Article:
Google Sheets via API

A palate cleanser for when you get bored of all of that “Big Data.”

BigQuery is awesome, and would be the data platform I would use as often as possible from a sheer power, ease of use, and flexibility standpoint. What do you do, though, if you’re working in your Jupyter notebook and have a chunk of data where the size and fleeting use case don’t warrant even the tiny effort involved to pull it into your BigQuery data set? Sometimes you’re just going to download and read in a local CSV file, and that’s OK. Other times you’ll find data on the web that you just want to quickly pull in. If that data on the web happens to be a Google Sheet, all nicely formatted for you already, even better. And as you might have guessed by the title of this post:

There’s an API for that. Click the play button. CLICK IT!!

The Google Sheets API docs deal with a significant number of scenarios that require things like OAuth authentication, reading, writing, editing, appending, and so on. For our purposes, we’re going to assume the data we want is read-only, publicly available (thus no user credentials required), meaning all we need is code to read some data, store, and print results.

First, we’ll need to know the spreadsheet ID. When you go to a Google sheet in a web browser, it’s the string of characters following “/d/” and before the next “/” — usually followed by a word like edit. An example looks like this (starting at “1D1n” and ending at “a_MQ”):

This is not the droid you’re looking for, but it looks like one.

It will help if you know how many rows and columns are in the data. For the example in my notebook, it looks something like this:

There are more than 3,000 rows.

The only difference is the numbers have been formatted to take out the comma. The only other added step — which is noted in the notebook as well — is that you have to enable the Sheets API in your Google Cloud project in order to make the API calls. Once you’re set up and you know what it is you want to pull into your notebook (say for example, the first 10 rows and all four columns), you can follow the example I’ve posted here.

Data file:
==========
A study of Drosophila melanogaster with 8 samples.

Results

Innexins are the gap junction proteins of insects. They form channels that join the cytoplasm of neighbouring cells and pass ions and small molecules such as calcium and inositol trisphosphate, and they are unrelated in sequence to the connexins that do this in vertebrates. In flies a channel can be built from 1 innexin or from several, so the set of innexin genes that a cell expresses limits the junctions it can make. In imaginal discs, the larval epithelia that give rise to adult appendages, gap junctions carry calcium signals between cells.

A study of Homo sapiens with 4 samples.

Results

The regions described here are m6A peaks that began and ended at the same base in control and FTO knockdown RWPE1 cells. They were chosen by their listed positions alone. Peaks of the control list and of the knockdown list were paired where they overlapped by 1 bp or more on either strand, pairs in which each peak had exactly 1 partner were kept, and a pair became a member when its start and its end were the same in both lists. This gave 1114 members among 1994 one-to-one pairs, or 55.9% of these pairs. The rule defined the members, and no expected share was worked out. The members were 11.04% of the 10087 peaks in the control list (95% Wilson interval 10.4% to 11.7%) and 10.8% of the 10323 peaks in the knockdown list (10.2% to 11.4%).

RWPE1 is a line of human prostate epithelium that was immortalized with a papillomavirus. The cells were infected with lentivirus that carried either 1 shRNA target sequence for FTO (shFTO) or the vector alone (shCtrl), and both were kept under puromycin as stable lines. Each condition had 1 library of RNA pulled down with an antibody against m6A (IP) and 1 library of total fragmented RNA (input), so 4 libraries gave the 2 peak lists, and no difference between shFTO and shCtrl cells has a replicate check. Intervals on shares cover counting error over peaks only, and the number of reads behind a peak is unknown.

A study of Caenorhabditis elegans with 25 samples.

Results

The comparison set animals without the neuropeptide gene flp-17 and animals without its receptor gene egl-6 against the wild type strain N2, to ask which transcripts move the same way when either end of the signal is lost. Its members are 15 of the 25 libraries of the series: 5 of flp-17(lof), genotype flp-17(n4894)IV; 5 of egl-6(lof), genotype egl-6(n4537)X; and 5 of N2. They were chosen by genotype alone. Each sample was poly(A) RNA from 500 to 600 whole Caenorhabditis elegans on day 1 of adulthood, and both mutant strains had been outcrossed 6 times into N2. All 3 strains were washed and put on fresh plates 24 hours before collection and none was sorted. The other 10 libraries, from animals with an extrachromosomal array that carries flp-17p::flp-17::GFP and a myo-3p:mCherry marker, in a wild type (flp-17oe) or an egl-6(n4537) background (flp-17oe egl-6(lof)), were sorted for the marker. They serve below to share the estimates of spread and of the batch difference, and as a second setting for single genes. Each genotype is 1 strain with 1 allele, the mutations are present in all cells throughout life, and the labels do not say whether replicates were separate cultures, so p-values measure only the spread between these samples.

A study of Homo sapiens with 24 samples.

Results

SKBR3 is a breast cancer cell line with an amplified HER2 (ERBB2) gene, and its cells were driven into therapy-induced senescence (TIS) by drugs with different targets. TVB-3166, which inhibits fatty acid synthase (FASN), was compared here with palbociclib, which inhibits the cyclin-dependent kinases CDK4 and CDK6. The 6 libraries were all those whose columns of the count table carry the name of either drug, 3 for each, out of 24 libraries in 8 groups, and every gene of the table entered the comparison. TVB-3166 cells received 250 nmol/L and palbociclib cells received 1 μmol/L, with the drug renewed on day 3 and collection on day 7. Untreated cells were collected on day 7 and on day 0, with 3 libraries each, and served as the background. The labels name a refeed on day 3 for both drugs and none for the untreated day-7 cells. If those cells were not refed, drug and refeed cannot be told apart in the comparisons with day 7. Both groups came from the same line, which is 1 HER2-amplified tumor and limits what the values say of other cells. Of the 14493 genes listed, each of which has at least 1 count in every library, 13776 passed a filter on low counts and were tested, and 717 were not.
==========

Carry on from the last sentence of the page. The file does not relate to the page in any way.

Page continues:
Note the clever use of pandas at the end. Don’t I feel smart!?!

Once you’ve got the data in place and formatted the way you want it, you can use your Python data munging skills to make it work with other data or just play around with it as-is.

Personally, I think this would be a neat way to standardize on sharing out smaller public datasets, and would open up access to that data for folks who weren’t quite as technically savvy (I imagine most folks can click a link and open a Google Sheet, even if they would struggle to download and open a CSV file…) But regardless, as a way to share out your own data where applicable, it’s worth considering. And if you do, now we can get to it with Python as well. Everybody wins!

The person who made this is my spirit animal.

Cloud computing and data nerd who dreams of being a data scientist, probably because he's married to one and she's pretty cute.